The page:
As restrictions draw to a close, some employees still want to work from home, but most are seeking a balance between office and home. Data from the PwC Hopes and Fears survey confirms this, with 77% of UK employees preferring a mix of face-to-face and remote working.  

 

Step forward, hybrid working 

Many organisations are still adjusting to what hybrid means for them and the measures that need to be in place to ensure its success. It’s raised some key concerns for employers regarding the impact it could have on:  

  • Wellbeing and mental health 
  • Employee alignment to organisational culture and values.  
  • Performance coaching  
  • Communication  
  • Team-building 
  • Exposure to leadership  
  • Learning and development  

While these issues affect all employees, younger, inexperienced, or new workers pose the greatest concern for employers, especially if those people were recruited and onboarded remotely during the pandemic or have yet to meet all of their co-workers due to the flexible nature of hybrid working. 

Hybrid environments could result in this demographic of workers missing out on mentorship opportunities and valuable observational learning from managers and senior employees. Although online collaboration tools and video platforms are helpful, there’s a question mark over how far they go to replicate in-person communication and support from colleagues and managers.  

In an office, new employees can instantly access insights from a team of people at all levels whenever they need help or advice. They can also find inspiration from observing the people around them. While this can still be achieved online, the process is slower, with employees relying on colleague availability or typing out a message and awaiting a response.  

Additionally, remote working means employees can miss out on valuable social interactions, which may impact relationship-building and potentially result in a cultural disconnect. 

 

What can leaders do?  

With hybrid working still in its infancy, leaders are increasingly exploring how they can empower employees to succeed in this environment. Here, we outline some of the ways that leaders can foster a hybrid work setup that will support and develop employees who are at the start of their career in particular.  

 

Dedicated leadership time 

In a hybrid environment, it can be difficult for leaders to monitor the contribution of each person and identify who is making an impact vs who may need further support. To avoid employees feeling overlooked or left out of growth opportunities, leaders should arrange regular one-on-one meetings to discuss progress and career aspirations. 

Not only does this ensure junior employees get valuable facetime, but it provides leaders with the opportunity to reinforce the value of their contributions as well as the organisation’s vision. The more engagement employees have with senior leaders and their own manager, the more comfortable they will be to express opinions and build connections with their colleagues.  

 

Shift the focus to development 

Employee meetings with line managers can often focus on project status updates and performance reviews. While this might be suitable for more seasoned people, junior employees require focus on their progress and guidance on developing their skills.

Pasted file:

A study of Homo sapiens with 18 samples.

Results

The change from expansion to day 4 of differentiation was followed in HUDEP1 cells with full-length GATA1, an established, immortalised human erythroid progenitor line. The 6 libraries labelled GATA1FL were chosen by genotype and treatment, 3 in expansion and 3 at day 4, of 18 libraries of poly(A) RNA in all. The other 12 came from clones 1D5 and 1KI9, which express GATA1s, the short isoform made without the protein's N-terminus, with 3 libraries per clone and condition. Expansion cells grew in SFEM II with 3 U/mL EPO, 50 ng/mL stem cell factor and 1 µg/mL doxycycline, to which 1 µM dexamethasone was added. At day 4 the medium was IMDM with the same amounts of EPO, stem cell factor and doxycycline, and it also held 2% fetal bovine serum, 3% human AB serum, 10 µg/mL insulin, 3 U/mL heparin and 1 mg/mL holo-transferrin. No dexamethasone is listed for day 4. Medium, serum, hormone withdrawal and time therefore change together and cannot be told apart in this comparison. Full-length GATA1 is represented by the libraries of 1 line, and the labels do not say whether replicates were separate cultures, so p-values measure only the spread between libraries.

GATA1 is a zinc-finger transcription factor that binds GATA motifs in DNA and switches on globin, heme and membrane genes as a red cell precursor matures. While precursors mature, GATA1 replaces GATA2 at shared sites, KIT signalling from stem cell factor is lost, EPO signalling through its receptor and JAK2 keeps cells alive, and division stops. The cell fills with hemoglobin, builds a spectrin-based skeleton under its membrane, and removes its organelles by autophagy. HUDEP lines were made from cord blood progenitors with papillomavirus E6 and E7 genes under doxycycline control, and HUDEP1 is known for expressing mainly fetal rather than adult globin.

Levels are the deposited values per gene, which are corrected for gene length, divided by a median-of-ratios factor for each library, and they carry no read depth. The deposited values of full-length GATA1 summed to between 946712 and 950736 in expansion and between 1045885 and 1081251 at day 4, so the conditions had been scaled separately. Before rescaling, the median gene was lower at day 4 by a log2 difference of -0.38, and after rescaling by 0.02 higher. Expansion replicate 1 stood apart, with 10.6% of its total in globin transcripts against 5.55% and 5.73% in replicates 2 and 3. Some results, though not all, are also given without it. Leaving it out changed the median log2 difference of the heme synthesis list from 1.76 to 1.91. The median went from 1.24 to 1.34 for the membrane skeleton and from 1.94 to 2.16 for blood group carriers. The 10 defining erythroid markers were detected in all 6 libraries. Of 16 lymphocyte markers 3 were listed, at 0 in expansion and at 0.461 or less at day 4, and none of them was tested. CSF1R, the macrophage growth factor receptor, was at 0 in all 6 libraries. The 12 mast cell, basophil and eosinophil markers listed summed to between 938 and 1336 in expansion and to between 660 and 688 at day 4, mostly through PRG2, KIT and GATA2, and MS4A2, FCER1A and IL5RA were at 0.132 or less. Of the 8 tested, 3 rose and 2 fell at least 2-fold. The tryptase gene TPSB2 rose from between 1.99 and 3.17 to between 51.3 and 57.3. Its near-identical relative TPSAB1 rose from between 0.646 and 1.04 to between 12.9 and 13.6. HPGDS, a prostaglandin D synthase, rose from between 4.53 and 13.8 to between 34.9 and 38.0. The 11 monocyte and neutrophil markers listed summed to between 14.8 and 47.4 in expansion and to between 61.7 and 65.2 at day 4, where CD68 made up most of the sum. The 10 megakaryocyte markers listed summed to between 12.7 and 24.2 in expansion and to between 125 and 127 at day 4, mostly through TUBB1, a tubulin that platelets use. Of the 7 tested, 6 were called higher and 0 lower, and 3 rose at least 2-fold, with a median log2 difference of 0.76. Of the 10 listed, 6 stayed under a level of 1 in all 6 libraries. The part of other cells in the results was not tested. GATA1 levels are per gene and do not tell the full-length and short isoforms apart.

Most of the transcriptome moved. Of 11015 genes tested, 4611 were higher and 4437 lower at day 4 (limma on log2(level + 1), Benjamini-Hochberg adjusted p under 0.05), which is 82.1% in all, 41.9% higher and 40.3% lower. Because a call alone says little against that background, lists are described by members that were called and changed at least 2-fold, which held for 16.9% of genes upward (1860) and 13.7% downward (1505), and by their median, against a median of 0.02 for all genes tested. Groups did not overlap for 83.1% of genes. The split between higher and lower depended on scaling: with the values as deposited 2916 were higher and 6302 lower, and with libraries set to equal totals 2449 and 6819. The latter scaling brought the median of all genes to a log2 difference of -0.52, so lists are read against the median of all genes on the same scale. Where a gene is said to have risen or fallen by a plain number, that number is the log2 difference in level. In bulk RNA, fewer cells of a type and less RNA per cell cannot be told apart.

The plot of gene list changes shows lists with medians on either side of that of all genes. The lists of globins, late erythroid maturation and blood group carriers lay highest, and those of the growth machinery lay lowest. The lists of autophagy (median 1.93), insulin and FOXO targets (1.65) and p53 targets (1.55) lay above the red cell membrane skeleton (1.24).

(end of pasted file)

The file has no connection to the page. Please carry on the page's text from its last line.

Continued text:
Positive reinforcement is vital in building confidence in younger employees. Managers should set realistic goals and objectives over set timescales and outline what they need to do to achieve those goals, giving them the option to check back and ask questions as they go. Two way feedback is essential in these situations and should allow managers to highlight successes and earmark areas for improvement, ensuring any required support is provided at every step.  

 

Encourage colleague networking 

Working at home can result in all interactions being solely work-related. Employees can miss out on casual conversations, coffee breaks, lunchtime trips and water-cooler moments. Although productivity is a pertinent challenge for managers of hybrid teams, it’s crucial to facilitate opportunities for employees to catch up with one another. 

This is particularly important for new employees who are still finding their feet. Casual conversations can lead to employees sharing their needs and any worries relating to the role that more tenured employees can help with. Plus, for people embarking on a career, building a personal network they can tap into in the future is invaluable. 

Carving out time for employees to socialise, whether setting a date where everyone is in the office for lunch or hosting virtual events, is a great way to bring people together, particularly those working in different departments. Young employees and those new to the organisation will feel welcomed and are more likely to understand and buy into the culture from the outset.  

 

Effective management in a hybrid environment  

Omni understands that the effectiveness of your management teams impacts recruitment, performance and retention. The areas of focus for your leaders can be changeable, particularly in a hybrid work setup, so you must provide them with the proper training and support to help them achieve their goals and reach their potential.  

Omni’s Management Training programmes provide a comprehensive and tailored solution to developing and upskilling managers of all levels, from team leaders to heads of department and directors. Find out more about our tailored remote or face-to-face management training solutions, or contact us on 0161 929 4343 or email enquiries@omnirms.com today.